In my experience students have never been brilliant at checking their school emails, especially the older kids. This makes communicating with them quite difficult when they are not sat in your class.
A great way to improve this is to use Facebook groups. Now, this presents a problem. The main one being schools tend to be terrified of social networks. Possibly because they do not understand them? However, if you have a forward thinking school you can over come this by showing them how useful they can be. Once they are aware of this they may let you give Facebook groups/Twitter a go.
The reason I wanted to use Facebook groups is that many students check it everyday, more often than not several times a day. In fact, much of the time they are using their smartphones rather than a computer to access their profile. It Almost makes filtering Facebook in schools a bit pointless.
Facebook is a smarter, faster and more efficient way of communicating.
This is why I wanted to pilot the use of Facebook groups at school.
So how did we do it? Well, firstly and rightly so, the teachers (myself included) did not want to use their personal profile to set up groups.
This is what we did:
- Set up a school Facebook profile (using a separate email address)
- The name would be the initials of the school then the teachers surname.
- Once we had set that up we would go through all the privacy setting and make sure they were locked down. (Although the profile would essentially be blank and contain no personal information apart from maybe a profile picture of some variety)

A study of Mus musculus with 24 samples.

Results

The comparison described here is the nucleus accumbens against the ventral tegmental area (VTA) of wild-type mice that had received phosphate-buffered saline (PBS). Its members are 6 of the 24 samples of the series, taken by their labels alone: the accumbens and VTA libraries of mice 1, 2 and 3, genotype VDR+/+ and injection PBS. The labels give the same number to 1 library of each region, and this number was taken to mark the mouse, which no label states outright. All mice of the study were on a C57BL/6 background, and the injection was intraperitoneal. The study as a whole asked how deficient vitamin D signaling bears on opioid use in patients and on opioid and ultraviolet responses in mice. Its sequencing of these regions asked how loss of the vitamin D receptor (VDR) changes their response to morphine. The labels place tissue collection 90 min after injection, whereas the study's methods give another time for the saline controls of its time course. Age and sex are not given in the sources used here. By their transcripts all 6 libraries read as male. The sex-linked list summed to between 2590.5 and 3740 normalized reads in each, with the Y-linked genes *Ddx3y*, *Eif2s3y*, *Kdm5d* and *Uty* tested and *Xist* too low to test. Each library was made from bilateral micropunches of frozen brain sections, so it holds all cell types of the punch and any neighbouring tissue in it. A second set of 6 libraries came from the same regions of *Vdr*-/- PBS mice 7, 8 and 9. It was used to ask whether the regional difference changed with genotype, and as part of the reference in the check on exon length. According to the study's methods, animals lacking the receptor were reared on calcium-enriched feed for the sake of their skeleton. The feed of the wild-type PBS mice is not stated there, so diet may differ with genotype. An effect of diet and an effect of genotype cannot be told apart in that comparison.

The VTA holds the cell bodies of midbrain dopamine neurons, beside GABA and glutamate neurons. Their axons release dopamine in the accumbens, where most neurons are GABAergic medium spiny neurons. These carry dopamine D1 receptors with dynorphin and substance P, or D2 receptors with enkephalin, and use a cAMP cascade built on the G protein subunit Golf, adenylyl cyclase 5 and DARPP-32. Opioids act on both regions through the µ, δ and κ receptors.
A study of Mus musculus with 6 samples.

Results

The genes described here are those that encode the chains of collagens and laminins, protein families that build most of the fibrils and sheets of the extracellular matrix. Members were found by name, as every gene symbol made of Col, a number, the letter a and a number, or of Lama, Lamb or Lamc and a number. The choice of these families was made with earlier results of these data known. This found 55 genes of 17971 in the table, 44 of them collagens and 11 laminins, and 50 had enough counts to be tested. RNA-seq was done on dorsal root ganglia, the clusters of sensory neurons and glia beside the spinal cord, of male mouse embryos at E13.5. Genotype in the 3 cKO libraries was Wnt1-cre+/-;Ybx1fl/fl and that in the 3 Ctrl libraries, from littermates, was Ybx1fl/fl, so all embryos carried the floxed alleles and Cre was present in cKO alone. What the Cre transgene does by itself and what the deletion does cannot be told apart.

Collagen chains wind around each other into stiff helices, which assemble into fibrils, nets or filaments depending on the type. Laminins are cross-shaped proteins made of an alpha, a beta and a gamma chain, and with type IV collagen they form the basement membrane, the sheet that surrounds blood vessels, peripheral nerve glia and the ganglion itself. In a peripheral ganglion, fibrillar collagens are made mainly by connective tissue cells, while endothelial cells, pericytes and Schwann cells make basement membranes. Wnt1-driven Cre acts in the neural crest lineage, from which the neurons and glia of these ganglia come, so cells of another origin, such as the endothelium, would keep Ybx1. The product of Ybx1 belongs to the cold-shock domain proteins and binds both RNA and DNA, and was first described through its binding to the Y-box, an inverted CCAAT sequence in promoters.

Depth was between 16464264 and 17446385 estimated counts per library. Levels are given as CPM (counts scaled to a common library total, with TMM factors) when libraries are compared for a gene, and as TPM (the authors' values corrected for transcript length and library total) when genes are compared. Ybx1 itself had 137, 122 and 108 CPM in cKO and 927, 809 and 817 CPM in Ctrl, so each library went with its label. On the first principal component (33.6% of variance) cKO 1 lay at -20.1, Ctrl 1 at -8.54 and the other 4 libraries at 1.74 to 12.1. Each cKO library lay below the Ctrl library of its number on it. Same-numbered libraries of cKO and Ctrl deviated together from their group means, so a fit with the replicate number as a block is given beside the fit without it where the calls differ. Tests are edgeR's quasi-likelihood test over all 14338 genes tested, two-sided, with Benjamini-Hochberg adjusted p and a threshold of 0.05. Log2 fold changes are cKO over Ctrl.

- We would then add other school profiles (not personal profiles) as friends so we had a little network going.
- Create a private group. (Private groups mean others can see who is in the group, but not what is written in it)
- To create a group you must add at least one person. Teachers added me as I was running the pilot.
- Once that has been done the owner of the group can then email the group URL to the students they would like to join. The students then make a request to join and the teacher can accept.
Doing it this way means that at no point does a teacher need to be “Friends” with the students and all communication is carried within the group.
The trial has been very successful and I have now got more teachers involved. I have found using groups has:
- Improved communication
- Allowed teachers to share important information quickly
- Share resources like videos and links quickly.
- Carry out polls
- Create documents
- Embraced the technology students are using
We have set up Facebook groups mostly for extra curricular activities such as:
- Duke of Edinburugh
- School expeditions
However we also set up accademic groups, which have also been sucessful.
Things to think about:
- Ask permission from your school
- Remember you need to be 13 to have a profile (I know students do have them when they are younger but they shouldn’t)
- As a teachers and owner of the group you must remember to moderate all of the posts
- Do not make “Friends” with students, even on a empty school profile.
- If you are overseeing Facebook Groups make sure you make a list of all school groups. You really need to be aware of how many school groups you have.
I hope this has been useful. There are probably other alternatives to this method but this is the way I have used and it works very well.